We have seen studies on warmer ocean temperatures and the effects it has on coral disease and bleaching events but a new study shows the link between mild water temperatures during the preceding winter period with outbreaks of coral diseases. The research was conducted on Australia’s Great Barrier Reef by studying satellite measurements of unusual sea surface temperatures. The team of scientists also examined the magnitude of stress on corals from unusually warm temperatures, particularly in summer, and confirmed a strong relationship with coral disease outbreaks.
The study, a collaboration between scientists from National Oceanic and Atmospheric Administration (NOAA), the Australian Research Council Centre of Excellence for Coral Reef Studies, James Cook University and the Australian Institute of Marine Science, was published in August in the online, peer-reviewed international publication PLoS ONE.
“Previous studies examined the relationship between warm conditions throughout the year and the likelihood of disease,” said Scott Heron, Ph.D., physical scientist with NOAA’s Coral Reef Watch. “We considered the influence of summer and winter separately, taking into account both cold and warm stress, to find that winter temperatures are just as important as summer stress in determining the susceptibility of corals to disease outbreaks.”
With advance warning to the higher potential of coral diseases on reefs, managers will not be able to do much beyond reducing human-use stressors like diving, swimming, fishing and boating. Also launched and described in the paper is the new experimental Coral Disease Outbreak Risk Map available online. This regional product provides a seasonal outlook based on winter metrics and an outbreak risk assessment updated in near-real-time during summer for the Great Barrier Reef. Ongoing work will soon expand it to the Hawaiian archipelago.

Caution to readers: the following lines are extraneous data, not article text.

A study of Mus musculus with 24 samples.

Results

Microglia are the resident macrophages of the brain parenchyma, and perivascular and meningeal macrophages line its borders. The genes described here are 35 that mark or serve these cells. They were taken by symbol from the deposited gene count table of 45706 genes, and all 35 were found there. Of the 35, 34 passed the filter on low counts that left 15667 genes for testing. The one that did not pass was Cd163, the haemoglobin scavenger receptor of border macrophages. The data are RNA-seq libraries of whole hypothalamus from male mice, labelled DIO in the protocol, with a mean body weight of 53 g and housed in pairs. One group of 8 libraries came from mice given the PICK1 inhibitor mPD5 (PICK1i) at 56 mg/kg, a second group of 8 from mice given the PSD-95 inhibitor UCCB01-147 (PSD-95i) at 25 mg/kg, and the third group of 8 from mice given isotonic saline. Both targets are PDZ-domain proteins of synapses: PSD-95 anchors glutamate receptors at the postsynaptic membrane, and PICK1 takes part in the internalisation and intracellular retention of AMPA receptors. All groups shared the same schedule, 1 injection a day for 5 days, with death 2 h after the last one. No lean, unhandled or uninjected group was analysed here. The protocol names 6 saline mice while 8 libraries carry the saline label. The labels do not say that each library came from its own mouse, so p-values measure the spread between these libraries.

“Satellite monitoring of sea surface temperature has been useful in predicting coral bleaching,” said C. Mark Eakin, Ph.D., coordinator of NOAA’s Coral Reef Watch. “Now we’ve used satellite measurements to find links between disease and temperature stress. Our new product should allow us to predict the risk of potential disease outbreaks in Australia, providing reef managers with vital information and enabling rapid management response. We look forward to expanding it to other areas as well.”
Also noted were some outbreaks of coral disease being observed following bleaching events when the resistance of corals is reduced. Severe coral bleaching has been reported throughout Southeast Asia, the Indian Ocean and the Pacific since May. NOAA Coral Reef Watch is currently predicting a high potential for bleaching throughout the Caribbean this year. NOAA also recently reported that the combined global land and ocean surface temperature made this past July the second warmest on record and the warmest averaged January-July on record. This warming is expected to increase the incidents of coral bleaching worldwide.